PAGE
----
Judge Declines Plea to Overturn Pelvic Mesh Liability
By Zac Pingle
On Monday, October 3, Judge Joseph Goodwin of the Southwest West Virginia US District Court ruled that Boston Scientific (BSC) did not provide a substantial argument to overturn a Federal Court ruling in 2014.
In 2014, after a ten-day trial involving Boston Scientific’s Obtryx pelvic mesh device, Boston Scientific was found liable for the injuries sustained by four women who used the device to treat urinary incontinence. The federal ruling mandated that Boston Scientific compensate the women for a total of $18.5 million including punitive damages.
Last year, Boston Scientific requested the court to overturn the 2014 ruling on the grounds that the plaintiffs failed to link their injuries directly to the Obtryx design flaws, failed to show that Obtryx is not reasonably safe, and that the punitive damage awards were too excessive and were a miscarriage of justice. Boston Scientific attempted to show that Obtryx is not reasonably safe by showing that the device is within the normal standard of care for urinary incontinence. The company further argued that the plaintiffs failed to prove their claim of failure to warn of the risks because they did not show that their injuries were directly related to the Obtryx defects.
Judge Goodwin disagreed with Boston Scientific’s argument on the grounds that a reasonable jury would be able to conclude that the dangers of Obtryx were not justifiable for the potential medical gain based off of expert testimony and evidence provided at the trial.
“[Boston Scientific] first argues that the plaintiffs failed to establish that Obtryx is ‘not reasonably safe’ because it is within the standard of care for treatment of SUI. BSC conflates the standard for medical malpractice with that used for strict liability. Here, the question is whether the manufacturer used reasonable care in designing the Obtryx,” Goodwin wrote. “...A reasonable jury could balance the risks and benefits based in the significant evidence the plaintiffs produced at trial on the Obtryx’s risks. From this evidence, a reasonable jury could conclude that the risks associated with the Obtryx are not justified by its benefits and, as a result, the product is not reasonably safe.”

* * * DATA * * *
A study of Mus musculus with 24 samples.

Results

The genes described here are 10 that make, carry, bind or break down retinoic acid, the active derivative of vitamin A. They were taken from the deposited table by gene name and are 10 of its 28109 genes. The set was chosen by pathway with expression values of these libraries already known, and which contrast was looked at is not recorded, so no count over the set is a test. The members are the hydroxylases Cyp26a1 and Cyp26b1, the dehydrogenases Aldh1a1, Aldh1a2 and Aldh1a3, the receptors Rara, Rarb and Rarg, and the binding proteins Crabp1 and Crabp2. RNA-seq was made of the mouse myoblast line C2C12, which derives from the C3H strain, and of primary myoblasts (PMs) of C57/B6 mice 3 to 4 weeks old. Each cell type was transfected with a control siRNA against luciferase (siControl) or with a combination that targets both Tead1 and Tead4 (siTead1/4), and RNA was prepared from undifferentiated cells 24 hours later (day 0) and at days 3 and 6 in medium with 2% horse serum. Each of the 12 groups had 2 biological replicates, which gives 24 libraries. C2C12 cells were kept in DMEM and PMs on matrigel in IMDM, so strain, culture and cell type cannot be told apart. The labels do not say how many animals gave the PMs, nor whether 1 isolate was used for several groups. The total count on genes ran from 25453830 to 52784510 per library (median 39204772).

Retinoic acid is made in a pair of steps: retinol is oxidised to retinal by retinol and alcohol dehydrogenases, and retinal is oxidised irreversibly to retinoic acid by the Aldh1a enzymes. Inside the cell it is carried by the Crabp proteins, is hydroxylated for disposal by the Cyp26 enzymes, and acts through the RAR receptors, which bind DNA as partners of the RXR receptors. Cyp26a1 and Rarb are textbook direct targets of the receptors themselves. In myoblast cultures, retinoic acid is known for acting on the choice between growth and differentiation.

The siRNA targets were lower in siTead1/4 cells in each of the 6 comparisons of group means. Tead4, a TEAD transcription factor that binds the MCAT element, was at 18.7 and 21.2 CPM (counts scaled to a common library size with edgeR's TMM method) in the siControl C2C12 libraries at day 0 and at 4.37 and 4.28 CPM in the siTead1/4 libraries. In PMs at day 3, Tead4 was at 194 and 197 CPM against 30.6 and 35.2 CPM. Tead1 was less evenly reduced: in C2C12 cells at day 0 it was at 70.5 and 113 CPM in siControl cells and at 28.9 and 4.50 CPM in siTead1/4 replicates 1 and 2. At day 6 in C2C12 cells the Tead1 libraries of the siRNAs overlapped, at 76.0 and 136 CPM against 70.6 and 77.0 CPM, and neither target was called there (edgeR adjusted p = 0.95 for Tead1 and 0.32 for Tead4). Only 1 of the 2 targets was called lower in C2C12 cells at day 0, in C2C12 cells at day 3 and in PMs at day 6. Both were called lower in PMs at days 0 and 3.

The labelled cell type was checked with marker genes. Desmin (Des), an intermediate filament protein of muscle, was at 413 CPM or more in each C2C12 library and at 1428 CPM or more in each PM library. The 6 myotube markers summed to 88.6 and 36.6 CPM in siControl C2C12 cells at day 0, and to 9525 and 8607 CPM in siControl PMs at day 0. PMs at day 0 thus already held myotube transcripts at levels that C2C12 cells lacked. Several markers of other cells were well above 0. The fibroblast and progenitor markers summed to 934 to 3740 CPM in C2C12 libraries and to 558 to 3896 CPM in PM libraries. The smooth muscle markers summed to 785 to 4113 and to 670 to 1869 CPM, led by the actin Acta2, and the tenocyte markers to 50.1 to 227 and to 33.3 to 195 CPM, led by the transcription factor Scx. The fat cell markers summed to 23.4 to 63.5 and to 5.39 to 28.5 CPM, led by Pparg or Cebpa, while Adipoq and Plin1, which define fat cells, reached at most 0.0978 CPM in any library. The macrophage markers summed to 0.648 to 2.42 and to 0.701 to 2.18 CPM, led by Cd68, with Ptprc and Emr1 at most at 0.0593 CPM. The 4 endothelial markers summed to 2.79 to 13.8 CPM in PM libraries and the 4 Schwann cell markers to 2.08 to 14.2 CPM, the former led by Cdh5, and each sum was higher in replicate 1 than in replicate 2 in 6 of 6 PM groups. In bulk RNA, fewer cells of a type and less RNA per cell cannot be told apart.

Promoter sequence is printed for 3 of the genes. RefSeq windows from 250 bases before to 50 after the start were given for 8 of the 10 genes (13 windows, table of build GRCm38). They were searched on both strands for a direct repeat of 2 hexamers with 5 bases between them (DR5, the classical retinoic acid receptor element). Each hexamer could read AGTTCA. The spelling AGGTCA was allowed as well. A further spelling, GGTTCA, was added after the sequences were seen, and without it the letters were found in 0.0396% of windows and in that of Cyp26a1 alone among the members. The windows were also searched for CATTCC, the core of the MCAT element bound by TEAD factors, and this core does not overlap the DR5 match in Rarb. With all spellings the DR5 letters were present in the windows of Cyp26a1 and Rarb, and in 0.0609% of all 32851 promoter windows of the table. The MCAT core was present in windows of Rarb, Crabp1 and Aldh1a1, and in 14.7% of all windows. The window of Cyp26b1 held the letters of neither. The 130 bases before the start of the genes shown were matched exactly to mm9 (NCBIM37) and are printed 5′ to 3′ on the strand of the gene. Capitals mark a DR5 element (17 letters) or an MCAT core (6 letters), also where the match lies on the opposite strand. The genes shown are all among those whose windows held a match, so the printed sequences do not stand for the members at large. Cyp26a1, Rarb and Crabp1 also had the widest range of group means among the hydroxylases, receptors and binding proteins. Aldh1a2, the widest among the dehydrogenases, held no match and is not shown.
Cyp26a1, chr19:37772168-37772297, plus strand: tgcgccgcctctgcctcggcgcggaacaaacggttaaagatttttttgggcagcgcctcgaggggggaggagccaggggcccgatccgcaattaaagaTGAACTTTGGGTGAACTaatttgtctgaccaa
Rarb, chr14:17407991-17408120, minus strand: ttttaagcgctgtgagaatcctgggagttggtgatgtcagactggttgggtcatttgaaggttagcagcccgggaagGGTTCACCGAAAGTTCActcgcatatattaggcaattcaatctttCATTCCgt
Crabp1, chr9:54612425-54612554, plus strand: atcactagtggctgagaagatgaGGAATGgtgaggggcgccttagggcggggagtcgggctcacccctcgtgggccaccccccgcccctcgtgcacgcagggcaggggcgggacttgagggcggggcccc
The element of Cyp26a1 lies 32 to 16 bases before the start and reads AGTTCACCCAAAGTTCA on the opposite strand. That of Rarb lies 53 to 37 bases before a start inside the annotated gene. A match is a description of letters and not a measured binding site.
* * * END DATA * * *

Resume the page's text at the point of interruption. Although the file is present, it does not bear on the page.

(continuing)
The court also addressed the company’s claim of the plaintiff’s not directly linking their injuries to the Obtryx’s defects. Judge Goodwin wrote: “Because I find that the plaintiffs’ experts specifically connected at least one of the above defects to each plaintiff’s injuries [scarring, degradation, contraction, etc.], a reasonable jury would have no need to ‘infer the existence of a defect by circumstantial evidence… The plaintiffs’ injuries through expert testimony, likewise could have been revealed through clinical testing of the Obtryx. Therefore, a reasonable jury could find BSC’s failure to conduct clinical trials before marketing the Obtryx proximately caused the plaintiffs’ injuries.”
In closing, Judge Goodwin asserted that Boston Scientific knew that lack of clinical testing before marketing its product could result in safety issues. He found that because Boston Scientific failed to respond to “explicit warnings from the manufacturer” about the materials used to make the Obtryx, and because the company “suggested hiding negative studies to physicians considering using the Obtryx,” that a reasonable jury could conclude that Boston Scientific’s conduct justified compensation of all damages awarded in 2014.